Despite less traffic on the roads overall, the pandemic has spawned a disturbing rise in distracted driving behavior—some of which may have contributed to a motor vehicle death toll in 2020 that rose at the fastest rate in 13 years. That’s the message from several new analyses that track the impact of driving trends and outcomes amid COVID-19.
- New research finds changed driving patterns and increased traffic deaths during the pandemic.
- Even though Americans generally drove less, many took more risks—and that may have contributed to the rising death toll.
- Car insurance premiums have risen 16% nationally in the last 10 years—correlating with the surge in distracted driving.
False Sense of Security Drives Bad Habits
One in four drivers thinks roads are safer today than they were before the pandemic. And that belief has led some of them to take more chances while driving, according to the 2021 Travelers Risk Index on distracted driving, a national survey.
These pandemic-fostered driving habits included:
- Texting or emailing (26% did so, up from 19% pre-pandemic).
- Checking social media (20%, up from 13% pre-pandemic).
- Taking videos and pictures (19%, up from 10% pre-pandemic).
- Shopping online (17%, up from 8% pre-pandemic).
Chris Hayes, Travelers' second vice president of workers compensation and transportation, risk control, says lower traffic volumes as the pandemic began "may have given drivers a false sense of security."
Not only did distracted driving increase, but data from the insurer's telematics program showed that speeding also became more prevalent, he says.
People may be feeling work-related pressures as well, Hayes notes. One in four of those polled said they answer job-related calls and texts while behind the wheel, because:
- 46% said they think it might be an emergency.
- 29% said their supervisor would be upset if they don’t answer.
- 22% said they can't "mentally shut off" from work.
Data Likely Underestimates the Impact
While the Insurance Institute for Highway Safety (IIHS) says there aren't reliable estimates of the number of crashes directly caused by distracted driving, it believes that "statistics based on police-reported crash data almost certainly underestimate the role of distraction in fatalities."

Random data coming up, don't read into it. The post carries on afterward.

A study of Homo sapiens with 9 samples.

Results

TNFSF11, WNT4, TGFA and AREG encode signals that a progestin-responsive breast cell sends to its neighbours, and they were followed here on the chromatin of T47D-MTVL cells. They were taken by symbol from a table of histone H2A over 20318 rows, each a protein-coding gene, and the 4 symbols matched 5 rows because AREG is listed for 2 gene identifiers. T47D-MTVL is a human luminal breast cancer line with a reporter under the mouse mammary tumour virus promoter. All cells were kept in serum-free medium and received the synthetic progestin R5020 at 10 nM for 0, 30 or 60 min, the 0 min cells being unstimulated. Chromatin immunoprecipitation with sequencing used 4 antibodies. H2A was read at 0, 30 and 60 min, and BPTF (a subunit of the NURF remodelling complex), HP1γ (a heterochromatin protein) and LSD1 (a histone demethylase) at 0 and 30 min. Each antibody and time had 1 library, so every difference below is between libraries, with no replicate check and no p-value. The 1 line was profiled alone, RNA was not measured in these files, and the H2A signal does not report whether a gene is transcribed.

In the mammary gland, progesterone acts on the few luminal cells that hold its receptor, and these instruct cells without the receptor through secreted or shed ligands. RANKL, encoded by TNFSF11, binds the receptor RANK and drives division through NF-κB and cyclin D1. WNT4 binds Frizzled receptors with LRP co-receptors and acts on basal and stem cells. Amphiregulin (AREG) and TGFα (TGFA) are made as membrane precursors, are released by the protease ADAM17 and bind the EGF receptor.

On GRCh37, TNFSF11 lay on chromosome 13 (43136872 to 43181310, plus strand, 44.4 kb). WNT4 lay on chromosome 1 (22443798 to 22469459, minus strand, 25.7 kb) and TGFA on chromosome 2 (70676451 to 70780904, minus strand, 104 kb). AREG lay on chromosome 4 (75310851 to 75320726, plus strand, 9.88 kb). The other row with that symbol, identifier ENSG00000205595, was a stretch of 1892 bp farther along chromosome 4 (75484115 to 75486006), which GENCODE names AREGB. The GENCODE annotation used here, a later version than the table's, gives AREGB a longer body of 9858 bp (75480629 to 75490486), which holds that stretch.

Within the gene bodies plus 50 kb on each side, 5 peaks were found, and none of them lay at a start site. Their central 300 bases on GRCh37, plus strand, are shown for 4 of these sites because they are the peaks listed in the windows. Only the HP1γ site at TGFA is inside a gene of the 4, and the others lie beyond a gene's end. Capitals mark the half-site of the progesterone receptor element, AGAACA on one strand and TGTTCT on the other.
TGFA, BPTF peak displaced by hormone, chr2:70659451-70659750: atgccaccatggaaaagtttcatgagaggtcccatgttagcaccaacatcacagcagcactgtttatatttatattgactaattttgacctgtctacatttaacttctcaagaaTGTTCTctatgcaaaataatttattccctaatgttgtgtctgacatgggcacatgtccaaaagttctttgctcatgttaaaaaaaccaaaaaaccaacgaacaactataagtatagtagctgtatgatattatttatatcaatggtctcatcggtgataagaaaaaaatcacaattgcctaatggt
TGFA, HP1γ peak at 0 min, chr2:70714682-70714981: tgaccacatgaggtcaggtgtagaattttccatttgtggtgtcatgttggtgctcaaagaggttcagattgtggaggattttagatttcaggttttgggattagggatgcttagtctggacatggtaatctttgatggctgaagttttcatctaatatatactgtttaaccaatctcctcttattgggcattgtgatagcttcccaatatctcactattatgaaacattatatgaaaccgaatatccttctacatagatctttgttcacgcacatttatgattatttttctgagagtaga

In its report, Travelers says riskier driving habits that surfaced during the pandemic might have contributed in part to more—not less—dangerous roads. According to preliminary estimates by the National Safety Council (NSC), 2020 motor vehicle deaths were up 8% from 2019—the highest percentage increase in 13 years. And that rise occurred even as mileage dropped 13%, the NSC says.
Distracted driving can result from many things, of course—from sipping coffee to adjusting the air conditioning—but the IIHS also cites research showing the clearer connection between cellphone use and distraction, finding that crash risk is two to six times greater "when drivers were manipulating a cellphone."
These distractions can lead to so-called "inattention blindness," the IIHS says, in which drivers fail to comprehend or process information from things in the roadway even when they’re looking straight at them.
More Distraction Equals Higher Insurance Costs
Generally, the higher the accident rate, the more money insurance companies must pay out in claims. Insurers then pass these costs along to drivers in the form of higher premiums.
The National Association of Insurance Commissioners' Center for Insurance Policy and Research reports that car insurance premiums have increased 16% nationally since 2011, "correlating with the increase in distracted driving accidents."
What Drivers Can Do to Stay Safe
Many states have taken action to curb distracted driving. According to the Governors Highway Safety Association, 48 states and the District of Columbia now ban text messaging by drivers, 24 states plus D.C. prohibit all handheld cellphone use by drivers, and 37 states and D.C. ban all cellphone use by novice drivers. But, as the IIHS notes, surveys show that a large percentage of drivers don't comply with their states laws.
As part of Distracted Driving Awareness Month, held annually in April, experts advise drivers to review their habits and refresh their efforts to drive distraction-free. Here are some prevention steps to keep in mind:
- Set smartphones to "Do Not Disturb" or enable the optional "Do Not Disturb While Driving" setting on iPhones to automatically turn on while the car is in motion.
- Use voice commands (available in newer cars) to control infotainment, navigation, and portable devices—rather than touchscreens.
- Build communication and break times into your work schedule so that you (and your employees or co-workers) don’t feel pressured to eat or respond to calls and texts while driving.
- Appoint a passenger to be your "designated texter."
- If you have to take a call or read a text, always pull over first and park your car in a safe place.